Is Inventory an Asset or a Liability?

    7/21/21 10:00 AM

    Inventory

    Spoiler: It could be both

    There is an old saying in purchasing: You get yelled at for having too much inventory; you get fired for not having what you need. I think this perfectly describes the situation the purchasing department finds themselves in when they don’t have good data on what to buy. They do what any of us do when we must make a decision without having enough information – we guess. It may be an educated guess, but it is a guess nonetheless.

    So, is inventory an asset or a liability? From an accounting viewpoint, the answer is clear. It’s an asset. But if you look at the definition of the word asset, it’s “a useful or valuable thing, person, or quality.” Let’s focus on the word “useful.” Inventory you need is certainly useful. In that case, it’s an asset. Now look at the inventory covered with dust. The dust is there because the inventory hasn’t moved. It hasn’t moved because it’s not needed. In this case, inventory is a liability. It represents money tied up that could have been used somewhere else.

    Heroes & villains (in the same day)

    Inventory’s dual existence as both an asset and a liability leads to some interesting dynamics in a manufacturing environment. One moment, the employees in the purchasing department are heroes for having the raw material needed for that big opportunity that popped up. Then in a financial review, they are raked over the coals for having too much inventory. Both situations could happen on the same day. It’s enough to drive them crazy.

    How do you keep your purchasing team sane? The solution is simple, but the execution takes discipline. You need to provide accurate data to the purchasing department about what materials are on-hand, what materials are needed, and where the shortages are, so they can stop guessing. Once that data is provided, it’s perfectly acceptable to develop approved stocking levels, reorder points, and reorder quantities for those materials. Now you have a framework that can be managed to bring about meaningful change. Without that framework, there is only one way to know what to buy and when. You guess.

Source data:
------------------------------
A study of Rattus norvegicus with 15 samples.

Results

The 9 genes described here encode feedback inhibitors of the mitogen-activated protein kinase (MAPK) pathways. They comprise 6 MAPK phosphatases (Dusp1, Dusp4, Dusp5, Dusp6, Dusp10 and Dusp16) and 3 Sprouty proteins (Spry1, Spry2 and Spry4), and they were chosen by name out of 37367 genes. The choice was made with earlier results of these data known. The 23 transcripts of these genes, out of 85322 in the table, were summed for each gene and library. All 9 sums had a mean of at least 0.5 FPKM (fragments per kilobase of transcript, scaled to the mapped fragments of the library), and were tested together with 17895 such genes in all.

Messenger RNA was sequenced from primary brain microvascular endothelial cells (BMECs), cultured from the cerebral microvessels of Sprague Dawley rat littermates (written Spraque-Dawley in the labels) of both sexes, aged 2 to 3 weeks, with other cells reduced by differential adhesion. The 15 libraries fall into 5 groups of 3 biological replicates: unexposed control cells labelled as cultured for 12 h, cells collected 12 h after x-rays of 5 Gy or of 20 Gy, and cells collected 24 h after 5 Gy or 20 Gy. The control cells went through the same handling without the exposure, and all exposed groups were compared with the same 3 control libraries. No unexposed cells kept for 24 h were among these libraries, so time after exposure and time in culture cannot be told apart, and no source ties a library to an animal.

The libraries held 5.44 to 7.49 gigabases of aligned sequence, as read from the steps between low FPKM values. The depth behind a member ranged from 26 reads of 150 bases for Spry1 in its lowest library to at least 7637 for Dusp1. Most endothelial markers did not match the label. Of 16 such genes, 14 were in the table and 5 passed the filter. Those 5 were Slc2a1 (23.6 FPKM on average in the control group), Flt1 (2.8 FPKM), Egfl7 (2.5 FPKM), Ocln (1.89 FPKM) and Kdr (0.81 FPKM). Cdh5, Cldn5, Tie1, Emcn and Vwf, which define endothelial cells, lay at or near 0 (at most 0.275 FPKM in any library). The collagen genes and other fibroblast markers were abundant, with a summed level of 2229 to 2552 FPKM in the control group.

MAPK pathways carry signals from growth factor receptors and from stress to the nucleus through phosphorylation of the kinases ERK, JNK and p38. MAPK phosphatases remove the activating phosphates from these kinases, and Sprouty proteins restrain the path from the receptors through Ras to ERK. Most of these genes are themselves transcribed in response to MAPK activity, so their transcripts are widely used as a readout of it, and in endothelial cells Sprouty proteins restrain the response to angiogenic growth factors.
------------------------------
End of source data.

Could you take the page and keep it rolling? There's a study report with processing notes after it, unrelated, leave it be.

Don’t skip this part

    Where many companies go wrong is they skip the part about providing the right data, but they don’t skip the part about coming up with rules around inventory levels. In other words, they focus on the person, not the process. This only creates conflict and frustration. If an organization wants better results, hitting people over the head with unrealistic rules, as opposed to providing data, is never a sustainable solution.

    But wait! Why not just have a spreadsheet to track inventory? Yes, you could do that. You could also cut your entire lawn with a weedwhacker. The results of the spreadsheet and weedwhacker will be about the same – not good and it took too much time. To do a job right, you need the right tools. Anything less will affect the results of the job.

    Related: Why Doing Material Requirement Planning in Excel is Doomed to Fail

    Manage Inventory with ERP

    If you have an ERP system, but you aren’t using it to manage your inventory – great! Not great because you aren’t using it, but great because you already have a tool. You just need to learn how to use it, which is not as bad as it sounds. Yes, there is a learning curve, but that is temporary. Yes, you need to bring in experts to teach you, but there is a quick ROI on that investment.

    If you don’t have an ERP system, you need one. Yes, this path is more disruptive to your organization. Without it though, you will never have a clear view on whether inventory is an asset or liability. The organization will never perform as well as it could.

    If you have questions about what you just read, I’m happy to talk to you about it during a free, no-obligation (really!) 30-minute consultation.

    Free discussion

    Jack Shannon

    Written by Jack Shannon

    Jack is the President of Visual South and has been working with the product since 1996 when he bought it in his role as a Plant Manager. Since 1998 he has worked for Visual South with roles in consulting, sales and executive management.